Monday, February 20, 2012

First look at the newest sex crime legislation for 2012

"Although the act is intended to promote the legitimate and compelling state interest of protecting minors from internet predators, the near total ban on Internet access imposed by the act unreasonably  restricts many ordinary activities that have become important to everyday life in today’s world." -- US District Court Judge Brian Jackson, in a decision declaring Louisiana's internet ban unconstitutional.

I recently mentioned a proposed social networking ban (complete with sponsor Brooks's contact info to oppose the bill), but today, KLTV-7 reports the name of the new bill, SB 161, and Sen. Brooks is getting support from Mark Klaas of Klaas Kids in steamrolling this bill through legislation. In light of the recent federal decision striking down Louisiana's social networking ban, Alabama is merely setting itself up for a costly lawsuit. 

More info on Internet laws in general:

A second bill, SB 148, "makes surveillance for sexual gratification an aggravating circumstance," which means they will be added to the state sex offender registry. I'm personally against the bill because it creates more registrants. Below is from an article discussing the bill. Notice the reporter claims it is "not illegal" to peep on others but then discusses it is a class B misdemeanor. The second is the "escalation" theory, which is no more true for sex addicts than cigarette/ pot smokers:

It may come as a surprise that "peeping" at people in inappropriate places is not illegal in Alabama. Watching someone can get you put in jail, but doing so for sexual gratification doesn't increase the penalty. State Senator Arthur Orr says this is a problem. 
“Alabama has not done what a lot of our sister states here in the southeast have done which is really tighten the laws for voyeurism,” he explained.  That is why Orr has introduced Senate Bill 148 which makes surveillance for sexual gratification an aggravating circumstance.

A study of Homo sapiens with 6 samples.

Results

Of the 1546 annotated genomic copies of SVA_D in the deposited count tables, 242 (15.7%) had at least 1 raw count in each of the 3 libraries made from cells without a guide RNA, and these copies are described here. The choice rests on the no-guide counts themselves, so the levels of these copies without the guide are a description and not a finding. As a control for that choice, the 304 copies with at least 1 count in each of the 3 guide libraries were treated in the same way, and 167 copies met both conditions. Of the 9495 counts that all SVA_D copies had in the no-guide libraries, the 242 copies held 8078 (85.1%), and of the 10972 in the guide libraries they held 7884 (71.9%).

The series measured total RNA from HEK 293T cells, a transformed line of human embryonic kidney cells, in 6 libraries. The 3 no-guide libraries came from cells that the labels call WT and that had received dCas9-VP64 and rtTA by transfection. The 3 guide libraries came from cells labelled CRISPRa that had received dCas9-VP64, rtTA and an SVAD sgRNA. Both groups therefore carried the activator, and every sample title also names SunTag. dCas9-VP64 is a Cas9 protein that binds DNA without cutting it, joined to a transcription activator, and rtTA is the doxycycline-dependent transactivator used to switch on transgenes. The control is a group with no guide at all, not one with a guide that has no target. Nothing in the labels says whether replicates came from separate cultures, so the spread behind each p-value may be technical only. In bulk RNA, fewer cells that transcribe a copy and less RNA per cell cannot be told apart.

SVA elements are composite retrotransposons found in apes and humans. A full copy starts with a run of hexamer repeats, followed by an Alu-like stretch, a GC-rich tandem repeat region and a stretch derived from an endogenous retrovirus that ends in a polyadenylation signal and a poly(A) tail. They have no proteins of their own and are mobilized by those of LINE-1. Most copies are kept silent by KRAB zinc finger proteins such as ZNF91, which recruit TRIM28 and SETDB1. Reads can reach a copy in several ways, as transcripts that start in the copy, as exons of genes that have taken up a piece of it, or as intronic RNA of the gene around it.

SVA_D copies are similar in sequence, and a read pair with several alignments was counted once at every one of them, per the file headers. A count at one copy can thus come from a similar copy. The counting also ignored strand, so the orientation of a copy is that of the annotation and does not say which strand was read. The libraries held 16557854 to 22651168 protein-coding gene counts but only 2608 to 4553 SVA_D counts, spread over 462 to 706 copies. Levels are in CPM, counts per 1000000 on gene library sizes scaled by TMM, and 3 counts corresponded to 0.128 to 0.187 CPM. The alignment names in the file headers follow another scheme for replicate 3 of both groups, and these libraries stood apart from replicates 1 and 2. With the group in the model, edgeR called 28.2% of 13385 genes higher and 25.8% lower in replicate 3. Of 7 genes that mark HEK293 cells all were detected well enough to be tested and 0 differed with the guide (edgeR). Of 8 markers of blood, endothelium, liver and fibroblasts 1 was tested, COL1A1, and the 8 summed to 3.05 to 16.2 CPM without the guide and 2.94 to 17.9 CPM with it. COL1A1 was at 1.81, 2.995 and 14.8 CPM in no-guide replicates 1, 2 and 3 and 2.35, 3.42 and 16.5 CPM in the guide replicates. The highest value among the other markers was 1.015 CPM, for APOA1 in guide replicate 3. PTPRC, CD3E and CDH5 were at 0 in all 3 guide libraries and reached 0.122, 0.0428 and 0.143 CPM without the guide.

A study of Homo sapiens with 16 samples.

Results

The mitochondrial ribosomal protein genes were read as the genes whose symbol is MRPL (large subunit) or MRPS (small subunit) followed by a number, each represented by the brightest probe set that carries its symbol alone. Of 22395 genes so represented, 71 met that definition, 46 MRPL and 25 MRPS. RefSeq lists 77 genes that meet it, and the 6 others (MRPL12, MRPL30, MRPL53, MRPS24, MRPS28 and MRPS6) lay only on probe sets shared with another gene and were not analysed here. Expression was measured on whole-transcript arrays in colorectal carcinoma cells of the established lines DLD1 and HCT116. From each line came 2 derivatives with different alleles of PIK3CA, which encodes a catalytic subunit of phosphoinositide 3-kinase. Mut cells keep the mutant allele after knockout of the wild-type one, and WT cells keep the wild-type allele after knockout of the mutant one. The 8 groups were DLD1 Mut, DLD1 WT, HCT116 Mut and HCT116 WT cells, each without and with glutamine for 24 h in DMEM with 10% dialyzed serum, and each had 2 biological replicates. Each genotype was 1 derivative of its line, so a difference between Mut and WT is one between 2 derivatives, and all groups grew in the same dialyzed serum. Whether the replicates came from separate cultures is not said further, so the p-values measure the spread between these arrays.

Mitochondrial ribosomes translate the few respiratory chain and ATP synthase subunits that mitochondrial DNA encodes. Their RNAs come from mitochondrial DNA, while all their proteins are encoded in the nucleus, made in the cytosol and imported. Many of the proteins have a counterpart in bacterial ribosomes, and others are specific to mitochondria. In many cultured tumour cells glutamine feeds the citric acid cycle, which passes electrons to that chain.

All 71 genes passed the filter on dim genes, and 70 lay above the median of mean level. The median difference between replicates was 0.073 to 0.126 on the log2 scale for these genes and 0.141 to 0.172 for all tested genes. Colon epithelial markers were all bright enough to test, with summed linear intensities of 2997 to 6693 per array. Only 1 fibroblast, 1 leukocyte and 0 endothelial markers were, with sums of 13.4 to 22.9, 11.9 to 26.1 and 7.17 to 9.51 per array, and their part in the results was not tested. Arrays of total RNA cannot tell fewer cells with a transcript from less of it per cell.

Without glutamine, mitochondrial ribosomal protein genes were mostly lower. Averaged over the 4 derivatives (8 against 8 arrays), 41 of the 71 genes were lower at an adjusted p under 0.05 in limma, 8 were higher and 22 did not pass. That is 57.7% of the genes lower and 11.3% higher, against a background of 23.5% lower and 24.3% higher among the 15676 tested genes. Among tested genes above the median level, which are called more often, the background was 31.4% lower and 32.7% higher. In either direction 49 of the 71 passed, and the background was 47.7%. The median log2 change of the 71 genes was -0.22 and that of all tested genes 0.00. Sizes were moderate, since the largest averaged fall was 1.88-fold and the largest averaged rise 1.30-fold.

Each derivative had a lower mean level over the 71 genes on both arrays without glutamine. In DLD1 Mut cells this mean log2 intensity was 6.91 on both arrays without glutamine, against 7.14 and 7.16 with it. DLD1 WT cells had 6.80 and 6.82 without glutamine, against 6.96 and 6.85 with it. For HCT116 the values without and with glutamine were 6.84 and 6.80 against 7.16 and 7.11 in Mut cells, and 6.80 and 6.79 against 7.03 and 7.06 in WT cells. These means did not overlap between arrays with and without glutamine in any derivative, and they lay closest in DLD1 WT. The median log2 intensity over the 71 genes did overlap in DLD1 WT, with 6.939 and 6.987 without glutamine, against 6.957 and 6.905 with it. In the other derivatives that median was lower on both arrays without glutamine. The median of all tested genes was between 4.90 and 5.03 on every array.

"Simple criminal surveillance is a Class B misdemeanor in Alabama which does not qualify for sex offender status,” explained Lieutenant John Crouch of the Decatur PD. “Anyone convicted of that regardless of the circumstances is not required to register as a sex offender.” 
If the bill passes that will all change. Crouch says if offenders are forced to register it will be much easier for his department to keep the public safe. 
"Anyone engaged in this sort of activity certainly has the potential to escalate to other activities and we feel this will better enable us to keep track of these individuals."

Here is a list of  Senate Judiciary Committee Members:

JUDICIARYBrooksCo-ChairpersonWardCo-ChairpersonColemanFieldingKeaheyOrrSmithermanTaylorWhatleyWilliamsBrewbaker (President Pro Tempore Designee).

Below is Senator Orr's contact info:


3rd District
(Limestone, Madison, Morgan)

State House:

Room 730
State House
11 South Union Street
Montgomery, Alabama 36130
(334) 242-7891
Business:Post Office. Box 305
Decatur, Alabama 35602
(256) 260-2147
Personal Website:Senator Arthur Orr

1 comment:

  1. You can't fix stupid but you can write and call to voice your opinion! Write and call, it does help!